Hurricane Harvey will be major disaster: Texas governor


Texas is facing a “very major disaster” as Hurricane Harvey approaches its coastline, the state’s governor says.

Harvey, currently a category three storm in the Gulf of Mexico, will make landfall on Texas’ central coast late on Friday or early on Saturday.

Greg Abbott has asked for more federal aid to cope with the storm, which may be the worst to hit the US in 12 years.

The National Hurricane Center said storm surges may bring life-threatening floods in and around Houston.

The storm may bring 40in (102cm) of rain, 130mph (210km/h) winds and 12ft (3.5m) storm surges, say forecasters.

Mr Abbott said Harvey was now “turning into a very complex and dangerous hurricane”. It is likely to strike at the heart of Texas’s oil refining industry, with Corpus Christi, a port city of 320,000 people, in the path of the storm.

In a letter to President Donald Trump requesting federal aid, Mr Abbott said: “The storm surge, coupled with the deluge of rain, could easily lead to billions of dollars of property damage and almost certainly loss of life.”

The White House said Mr Trump is likely to visit Texas early next week.

How bad is Harvey?


The National Weather Service said on Friday it expected Harvey to make landfall as a category three hurricane, out of a maximum of five.

If it does, it will be the strongest storm to hit the US since October 2005, when Hurricane Wilma struck the coast of Florida.

Wilma left 87 people dead, and was part of a record-breaking hurricane season that included Katrina, which devastated New Orleans and killed nearly 2,000 people in August of that year.

However, Mr Abbott warned it could even make landfall as a category four. The last category four storm to hit the US was Charley in August 2004.

According to the National Hurricane Center (NHC), Harvey’s wind speed is currently 125mph, though gusts are even stronger.

What are the dangers?

While Harvey is packing strong and potentially devastating winds, the biggest threats to Texas are rainfall and the storm surge.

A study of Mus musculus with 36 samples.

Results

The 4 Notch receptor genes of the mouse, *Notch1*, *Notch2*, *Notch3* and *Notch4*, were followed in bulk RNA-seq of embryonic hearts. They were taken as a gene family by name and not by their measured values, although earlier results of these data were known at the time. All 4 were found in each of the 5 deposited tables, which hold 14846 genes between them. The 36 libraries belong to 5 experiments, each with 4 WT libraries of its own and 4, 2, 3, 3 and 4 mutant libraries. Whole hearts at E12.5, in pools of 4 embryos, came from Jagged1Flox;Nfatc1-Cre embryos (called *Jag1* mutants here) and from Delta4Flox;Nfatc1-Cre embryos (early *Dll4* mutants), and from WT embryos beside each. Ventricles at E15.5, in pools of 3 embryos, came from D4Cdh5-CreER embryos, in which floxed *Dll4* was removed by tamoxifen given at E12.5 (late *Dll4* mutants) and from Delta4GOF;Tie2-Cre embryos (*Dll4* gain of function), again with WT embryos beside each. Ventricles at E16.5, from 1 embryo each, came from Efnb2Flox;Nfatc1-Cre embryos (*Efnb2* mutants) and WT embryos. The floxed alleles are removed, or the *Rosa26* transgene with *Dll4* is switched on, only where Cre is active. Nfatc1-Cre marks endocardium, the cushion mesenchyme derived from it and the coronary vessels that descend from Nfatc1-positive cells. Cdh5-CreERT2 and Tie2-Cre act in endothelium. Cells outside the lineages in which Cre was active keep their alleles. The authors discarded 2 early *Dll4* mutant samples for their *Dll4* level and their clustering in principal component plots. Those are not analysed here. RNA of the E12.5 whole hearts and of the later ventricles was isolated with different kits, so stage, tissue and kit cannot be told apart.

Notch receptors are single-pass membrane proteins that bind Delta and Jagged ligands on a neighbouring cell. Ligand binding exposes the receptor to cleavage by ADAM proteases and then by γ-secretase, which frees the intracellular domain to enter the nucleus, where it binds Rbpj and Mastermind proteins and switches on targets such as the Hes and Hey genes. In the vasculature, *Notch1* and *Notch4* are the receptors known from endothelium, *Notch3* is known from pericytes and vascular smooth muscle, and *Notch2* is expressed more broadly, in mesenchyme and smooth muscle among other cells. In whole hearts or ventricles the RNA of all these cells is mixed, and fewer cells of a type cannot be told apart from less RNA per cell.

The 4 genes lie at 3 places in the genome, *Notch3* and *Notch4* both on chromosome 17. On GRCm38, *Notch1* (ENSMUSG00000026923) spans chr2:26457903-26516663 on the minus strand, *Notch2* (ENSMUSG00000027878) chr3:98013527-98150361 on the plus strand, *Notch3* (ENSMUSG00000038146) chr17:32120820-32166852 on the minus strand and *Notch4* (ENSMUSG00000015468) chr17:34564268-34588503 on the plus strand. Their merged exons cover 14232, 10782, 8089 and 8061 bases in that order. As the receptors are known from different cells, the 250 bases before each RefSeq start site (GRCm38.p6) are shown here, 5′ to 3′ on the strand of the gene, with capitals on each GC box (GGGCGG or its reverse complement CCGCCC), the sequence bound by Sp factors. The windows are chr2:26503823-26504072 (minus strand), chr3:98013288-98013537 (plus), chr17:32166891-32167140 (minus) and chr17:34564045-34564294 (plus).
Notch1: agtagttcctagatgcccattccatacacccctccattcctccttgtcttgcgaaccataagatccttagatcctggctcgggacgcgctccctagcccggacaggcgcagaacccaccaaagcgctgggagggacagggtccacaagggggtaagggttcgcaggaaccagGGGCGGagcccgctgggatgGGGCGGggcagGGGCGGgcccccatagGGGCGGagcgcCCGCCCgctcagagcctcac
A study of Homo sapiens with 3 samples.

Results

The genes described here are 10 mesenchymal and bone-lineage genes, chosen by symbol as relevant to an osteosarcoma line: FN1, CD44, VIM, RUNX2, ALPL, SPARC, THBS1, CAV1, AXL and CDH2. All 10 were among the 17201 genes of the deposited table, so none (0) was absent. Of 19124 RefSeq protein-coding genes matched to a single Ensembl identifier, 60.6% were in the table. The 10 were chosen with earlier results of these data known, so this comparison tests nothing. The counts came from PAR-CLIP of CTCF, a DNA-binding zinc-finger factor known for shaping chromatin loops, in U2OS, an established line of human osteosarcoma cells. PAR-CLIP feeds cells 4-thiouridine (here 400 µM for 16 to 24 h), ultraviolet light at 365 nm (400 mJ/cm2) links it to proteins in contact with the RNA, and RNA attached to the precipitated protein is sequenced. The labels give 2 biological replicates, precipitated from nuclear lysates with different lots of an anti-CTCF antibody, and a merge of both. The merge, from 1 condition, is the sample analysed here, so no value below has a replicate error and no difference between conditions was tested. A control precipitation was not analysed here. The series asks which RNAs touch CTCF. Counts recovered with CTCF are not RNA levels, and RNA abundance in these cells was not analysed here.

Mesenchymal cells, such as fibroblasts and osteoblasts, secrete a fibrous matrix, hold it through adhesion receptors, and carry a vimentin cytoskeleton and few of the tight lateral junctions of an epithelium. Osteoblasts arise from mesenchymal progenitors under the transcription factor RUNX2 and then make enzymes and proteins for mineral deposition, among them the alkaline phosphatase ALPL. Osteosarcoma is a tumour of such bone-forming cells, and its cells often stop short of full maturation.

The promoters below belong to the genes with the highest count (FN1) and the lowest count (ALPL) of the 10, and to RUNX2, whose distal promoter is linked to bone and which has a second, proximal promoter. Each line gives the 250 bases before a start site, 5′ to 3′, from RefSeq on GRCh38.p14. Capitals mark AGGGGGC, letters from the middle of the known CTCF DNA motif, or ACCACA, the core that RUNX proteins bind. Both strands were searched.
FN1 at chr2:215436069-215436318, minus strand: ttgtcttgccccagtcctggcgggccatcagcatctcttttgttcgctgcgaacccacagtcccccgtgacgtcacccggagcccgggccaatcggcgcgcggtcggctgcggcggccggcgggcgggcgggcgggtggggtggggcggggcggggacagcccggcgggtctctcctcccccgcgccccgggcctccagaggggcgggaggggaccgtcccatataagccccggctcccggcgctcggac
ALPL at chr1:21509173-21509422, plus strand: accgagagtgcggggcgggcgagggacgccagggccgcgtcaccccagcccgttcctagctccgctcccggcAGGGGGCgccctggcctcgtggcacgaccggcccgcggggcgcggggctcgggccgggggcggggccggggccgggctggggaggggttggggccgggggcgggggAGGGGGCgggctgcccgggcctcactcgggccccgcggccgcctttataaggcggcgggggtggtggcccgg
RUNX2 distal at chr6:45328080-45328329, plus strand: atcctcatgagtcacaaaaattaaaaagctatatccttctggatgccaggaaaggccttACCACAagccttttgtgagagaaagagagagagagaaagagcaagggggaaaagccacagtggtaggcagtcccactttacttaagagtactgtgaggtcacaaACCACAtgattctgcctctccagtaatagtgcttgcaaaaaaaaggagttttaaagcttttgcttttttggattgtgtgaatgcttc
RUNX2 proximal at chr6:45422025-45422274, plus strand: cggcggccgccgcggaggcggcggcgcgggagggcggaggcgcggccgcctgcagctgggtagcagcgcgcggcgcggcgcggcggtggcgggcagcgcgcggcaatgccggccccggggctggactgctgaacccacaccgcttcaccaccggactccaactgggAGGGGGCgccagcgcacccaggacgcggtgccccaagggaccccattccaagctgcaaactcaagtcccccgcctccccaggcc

Meteorologists are warning of extremely high volumes of rainfall as the storm stalls over the middle Texas coast.

They say Harvey could remain in the area, dumping rain until the middle of next week.

Oil-rich Houston, the fourth biggest city in the US, could face up to 20in of rain over the coming days, officials there said.

On top of that, the central Texas coast is likely to see a significant storm surge – this happens when low pressure at sea “lifts” tides to a level higher than normal, up to 12ft in this case, and high winds then blow the water inland.

The NHC said it expected “catastrophic flooding” across the coast and in some inland areas throughout south-east Texas.

Parts of Texas are already seeing a storm surge 2.5ft above normal.


About 45% of US oil refinery takes place on the Gulf of Mexico coast, and Corpus Christi is an important port for the industry.

Crude oil production has slowed down by about 20% to prepare for the storm, and fears Harvey could lead to a shortfall in fuel have helped drive up prices.

What is the latest?


While no mandatory evacuations have taken place, Corpus Christi Mayor Joe McComb encouraged people living in low-lying areas to leave.

President Trump has also been urging people to heed the advice of authorities.

Long queues of cars have been spotted leaving central Texas and the British band Coldplay cancelled a Friday night concert in Houston.

At least 20,000 passengers on three cruise ships have been unable to disembark in Galveston, Texas, cruise operator Carnival Corp said.

The Houston Chronicle reported they, and the passengers on one other ship, may need to stay out at sea until the middle of next week.

Meanwhile, Driscoll Children’s Hospital in Corpus Christi has flown at least 10 babies from its neonatal intensive care unit to hospitals further inland, due to fear of power failures.